In reference to Antarctica, he said, ‘You have only so many landing sites and with the amount of ships going, you don’t want to end up in a traffic jam going through the Lemaire Channel, this is where more coordination needs to happen, but also a mind shift with these operators.
‘There are plenty of landing sites, we need to stretch our creativity and imagination, and be able to convince customers that it’s exciting to go to the western side of the Peninsula that doesn’t have the famous places.’
He added, ‘Guests like to feel like one of the old explorers… if we end up with three vessels in the same tiny settlement, I would argue the settlement loses out, but also guests will lose out.’
The comments came on the first day of Seatrade Cruise Virtual: Expedition Cruising during the ‘Tourism in Local and Indigenous Communities’ session.
Zakary Kirkpatrick, corporate director of marketing and public relations, Alaskan Dream Cruises emphasised the need to ensure ‘local voices and entities are heard’; in 2016, tourism surpassed the seafood sector as the most economically significant private industry in Alaska, according to Kirkpatrick, which led those in the Southeast to call upon vessels to enter the region.‘We don’t have to ever impose our will on a community,’ he added.
The importance of liaising with local communities and identifying opportunity in areas eager for tourists was also discussed by Natasha Martin, managing director, Good Tourism who described overtourism as ‘a horrible situation that so many destinations were grappling with pre-COVID,’ adding, ‘It ruins the experience, it ruins the environment, it ruins the economy.’
In discussing the need to help remote communities ‘understand how their place is going to change as a result of welcoming tourism… and anticipate the changes,’ Martin also shared her views on undertourism. ‘[it] is something I see in developing countries where there’s a lot of investment in infrastructure and training…but they [tourists] don’t come. This is a big issue in some small communities, to manage expectations; it’s not a case of “build it and they will come,” a lot of the time in rural and remote places.’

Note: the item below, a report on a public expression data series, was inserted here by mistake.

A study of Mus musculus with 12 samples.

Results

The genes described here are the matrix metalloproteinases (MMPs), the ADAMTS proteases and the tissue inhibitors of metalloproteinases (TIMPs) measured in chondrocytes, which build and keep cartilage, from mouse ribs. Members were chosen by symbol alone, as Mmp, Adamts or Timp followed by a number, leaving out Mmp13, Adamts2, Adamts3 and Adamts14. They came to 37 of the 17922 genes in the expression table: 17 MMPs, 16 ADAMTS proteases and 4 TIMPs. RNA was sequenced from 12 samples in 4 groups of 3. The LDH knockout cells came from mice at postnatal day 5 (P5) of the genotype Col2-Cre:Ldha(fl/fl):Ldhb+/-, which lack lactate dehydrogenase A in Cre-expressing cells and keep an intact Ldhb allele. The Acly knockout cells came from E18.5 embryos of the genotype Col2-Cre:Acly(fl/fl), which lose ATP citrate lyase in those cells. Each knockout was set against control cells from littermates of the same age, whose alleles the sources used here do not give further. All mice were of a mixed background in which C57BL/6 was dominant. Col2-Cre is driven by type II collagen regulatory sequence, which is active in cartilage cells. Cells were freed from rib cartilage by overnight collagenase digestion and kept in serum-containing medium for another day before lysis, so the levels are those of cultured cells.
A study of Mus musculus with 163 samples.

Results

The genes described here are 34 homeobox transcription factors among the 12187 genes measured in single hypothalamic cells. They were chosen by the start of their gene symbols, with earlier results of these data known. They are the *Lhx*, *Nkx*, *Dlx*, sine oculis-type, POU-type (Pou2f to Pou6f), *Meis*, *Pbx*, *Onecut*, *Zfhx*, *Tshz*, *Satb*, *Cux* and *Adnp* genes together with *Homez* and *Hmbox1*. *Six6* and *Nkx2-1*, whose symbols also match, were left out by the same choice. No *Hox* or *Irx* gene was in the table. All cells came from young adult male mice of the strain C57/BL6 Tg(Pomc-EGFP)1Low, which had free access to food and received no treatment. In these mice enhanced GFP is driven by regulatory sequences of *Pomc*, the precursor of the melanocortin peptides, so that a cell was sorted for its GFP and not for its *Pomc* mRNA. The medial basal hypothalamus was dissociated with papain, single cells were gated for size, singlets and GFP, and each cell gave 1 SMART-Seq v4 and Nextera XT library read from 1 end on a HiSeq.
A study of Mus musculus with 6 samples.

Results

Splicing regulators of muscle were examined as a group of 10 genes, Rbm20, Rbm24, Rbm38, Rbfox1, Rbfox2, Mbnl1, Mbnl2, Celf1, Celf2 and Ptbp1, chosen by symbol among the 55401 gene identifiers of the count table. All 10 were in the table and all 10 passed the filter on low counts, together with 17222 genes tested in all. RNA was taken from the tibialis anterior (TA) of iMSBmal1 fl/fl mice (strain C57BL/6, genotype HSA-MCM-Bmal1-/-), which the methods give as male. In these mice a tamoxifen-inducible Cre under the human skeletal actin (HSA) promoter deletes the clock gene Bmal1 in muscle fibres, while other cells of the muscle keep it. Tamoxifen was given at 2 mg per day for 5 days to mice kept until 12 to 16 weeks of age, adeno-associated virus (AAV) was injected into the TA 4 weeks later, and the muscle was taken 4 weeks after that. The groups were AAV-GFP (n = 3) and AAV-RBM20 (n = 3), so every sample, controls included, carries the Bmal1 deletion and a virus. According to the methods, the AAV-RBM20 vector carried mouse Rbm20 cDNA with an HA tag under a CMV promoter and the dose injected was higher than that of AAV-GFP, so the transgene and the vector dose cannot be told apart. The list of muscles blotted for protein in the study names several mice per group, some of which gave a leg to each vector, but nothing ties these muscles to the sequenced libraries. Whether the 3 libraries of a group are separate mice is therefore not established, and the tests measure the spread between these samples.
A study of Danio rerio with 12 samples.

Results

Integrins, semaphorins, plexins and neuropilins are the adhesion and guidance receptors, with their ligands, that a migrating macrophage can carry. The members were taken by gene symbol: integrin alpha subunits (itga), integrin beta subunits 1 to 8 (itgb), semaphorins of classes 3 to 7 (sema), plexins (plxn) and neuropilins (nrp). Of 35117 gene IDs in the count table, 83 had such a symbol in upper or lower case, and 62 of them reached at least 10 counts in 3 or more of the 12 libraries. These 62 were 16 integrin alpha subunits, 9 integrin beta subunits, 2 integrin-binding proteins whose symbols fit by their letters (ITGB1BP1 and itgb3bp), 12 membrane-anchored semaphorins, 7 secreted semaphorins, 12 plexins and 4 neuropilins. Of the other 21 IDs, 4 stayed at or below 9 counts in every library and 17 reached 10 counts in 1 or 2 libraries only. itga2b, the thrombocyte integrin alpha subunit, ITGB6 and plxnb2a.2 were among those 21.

Highlighting the need for regenerative tourism, Kirkpatrick reflected the need for expedition cruise passengers to respect the routines of those in areas visited, even if this temporarily disrupts itineraries – during important agricultural festivities in locations where people follow a subsistence lifestyle, for instance.
In response to Danish Parliament Political Advisor and Press Manager Malik Milfeldt’s assertion that ‘It’s much more complicated to do expedition today,’ Alana Bradley-Swan, director of product, Adventure Canada said, ‘20-years ago there were much less operators out on the water in terms of expedition cruising, the places we went to had been hardly ever visited and there was a sense of true exploration… [but] it’s more mindful and more conscious today,’ before she discussed new community guidelines from AECO [The Association of Arctic Expedition Cruise Operators].
Lagerweij added, ‘Fortunately there’s a lot of coordination and good discussions, [cruise] it’s probably one of the best organised industries, with AECO and IATO [The International Associations of Antarctica Tour Operators]’ and discussed new opportunities arising for local groups as a result of expedition travel. ‘We really aim to hire locals…[passengers] don’t want to meet the western world when they go into remote areas, they want to meet authentic people from those locations and learn from them.’
Kirkpatrick concurred that, ‘Sharing their culture is more important than money.’
In focussing on ‘the limits of acceptable change,’ Martin appealed for ‘good impact’ and ‘positive changes.’
‘It’s within the possibility of tourism,’ she added, ‘[but] it’s been left on the wayside.’